The clever way that Stitch Fix gets more data to feed its style-matching algorithm

Screen Shot 2019-03-30 at 5.42.31 PMMy latest article for editorial website CIO Dive profiles Cathy Polinsky, the CTO at Stitch Fix Inc. It’s the fast-growing (and now public) online clothing retailer known for having personal stylists — backed by data & style-matching algorithms — select items customers might love and deliver them in a box.

In about two and a half years, Polinsky has:

  • doubled the size of her team so it could support, rather than constrain, the burgeoning business
  • helped Stitch Fix expand into additional markets: menswear, plus sizes, “extras” (such as socks & underwear), and kids
  • supported international expansion — starting with a launch in the U.K. later this year
  • adapted systems to Europe’s General Data Protection Regulation, the Sarbanes-Oxley Act, and California’s privacy law

My favorite part of the article covers the clever way that this company gets additional data to improve it’s style-matching algorithm.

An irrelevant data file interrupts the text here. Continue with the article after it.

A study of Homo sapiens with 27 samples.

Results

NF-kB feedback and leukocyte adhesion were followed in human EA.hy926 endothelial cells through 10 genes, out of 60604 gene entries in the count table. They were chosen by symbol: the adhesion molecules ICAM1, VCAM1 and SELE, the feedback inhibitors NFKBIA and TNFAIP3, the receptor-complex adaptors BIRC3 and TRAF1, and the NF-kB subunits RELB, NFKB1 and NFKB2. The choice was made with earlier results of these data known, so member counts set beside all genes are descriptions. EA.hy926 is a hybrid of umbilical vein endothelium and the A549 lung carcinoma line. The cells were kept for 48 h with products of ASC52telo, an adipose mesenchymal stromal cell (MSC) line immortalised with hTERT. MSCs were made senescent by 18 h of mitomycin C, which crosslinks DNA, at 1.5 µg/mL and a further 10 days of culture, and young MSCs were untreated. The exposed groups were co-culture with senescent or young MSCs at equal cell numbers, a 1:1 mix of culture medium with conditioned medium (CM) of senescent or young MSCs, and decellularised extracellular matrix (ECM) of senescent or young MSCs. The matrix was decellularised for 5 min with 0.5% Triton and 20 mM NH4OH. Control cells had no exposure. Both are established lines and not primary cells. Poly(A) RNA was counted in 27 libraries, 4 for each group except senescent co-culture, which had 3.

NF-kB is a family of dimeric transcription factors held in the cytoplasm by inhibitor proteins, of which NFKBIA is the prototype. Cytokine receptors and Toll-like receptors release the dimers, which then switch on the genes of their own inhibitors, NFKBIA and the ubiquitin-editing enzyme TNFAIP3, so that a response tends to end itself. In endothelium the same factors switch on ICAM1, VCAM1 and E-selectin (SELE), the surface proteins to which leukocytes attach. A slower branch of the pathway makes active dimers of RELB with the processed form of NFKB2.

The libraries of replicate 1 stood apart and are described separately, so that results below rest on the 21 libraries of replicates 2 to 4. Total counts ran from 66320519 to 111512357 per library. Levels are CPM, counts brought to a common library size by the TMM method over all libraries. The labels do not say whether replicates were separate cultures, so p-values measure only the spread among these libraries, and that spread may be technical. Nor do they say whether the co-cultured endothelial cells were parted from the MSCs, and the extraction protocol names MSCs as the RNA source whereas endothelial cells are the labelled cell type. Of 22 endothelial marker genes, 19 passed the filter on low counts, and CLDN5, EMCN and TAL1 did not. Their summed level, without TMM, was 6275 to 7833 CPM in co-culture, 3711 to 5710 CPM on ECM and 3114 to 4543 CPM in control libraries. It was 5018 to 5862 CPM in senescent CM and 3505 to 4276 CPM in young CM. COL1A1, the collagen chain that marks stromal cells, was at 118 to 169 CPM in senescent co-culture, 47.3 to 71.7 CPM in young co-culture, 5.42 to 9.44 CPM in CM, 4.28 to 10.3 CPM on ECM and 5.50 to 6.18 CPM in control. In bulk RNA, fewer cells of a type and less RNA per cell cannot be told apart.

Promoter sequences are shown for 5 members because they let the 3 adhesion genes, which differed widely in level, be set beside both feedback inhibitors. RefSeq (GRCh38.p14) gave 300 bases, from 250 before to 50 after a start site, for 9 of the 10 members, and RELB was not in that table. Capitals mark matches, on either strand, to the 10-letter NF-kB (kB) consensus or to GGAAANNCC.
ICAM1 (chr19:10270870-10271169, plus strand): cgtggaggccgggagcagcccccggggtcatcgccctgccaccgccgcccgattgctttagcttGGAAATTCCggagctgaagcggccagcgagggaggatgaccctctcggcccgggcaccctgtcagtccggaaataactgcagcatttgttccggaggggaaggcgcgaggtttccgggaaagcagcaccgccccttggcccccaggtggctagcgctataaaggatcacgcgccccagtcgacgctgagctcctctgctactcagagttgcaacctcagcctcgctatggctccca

To gather even more clues about customer likes and dislikes, Stitch Fix developed an application called Style Shuffle. The Tinder-like game shows a series of clothing items and lets clients give each one either a thumbs-up or a thumbs-down — thus providing more data to feed the style-matching algorithm.

“Clients love it. It’s super engaging. It’s fun. We have over a billion ratings now on this platform. Over 75% of our active clients have tried it at least once. Clients who have played with Style Shuffle have better ‘keep rates’ — they’re keeping more items because we’re sending more relevant items and really getting their style,” Polinsky said.

The company must be doing something right: Stitch Fix reported net revenue up 25% from last year in the second quarter of 2019. The number of active clients increased 18% to 3 million — and on average they each spent 6% more than the previous year.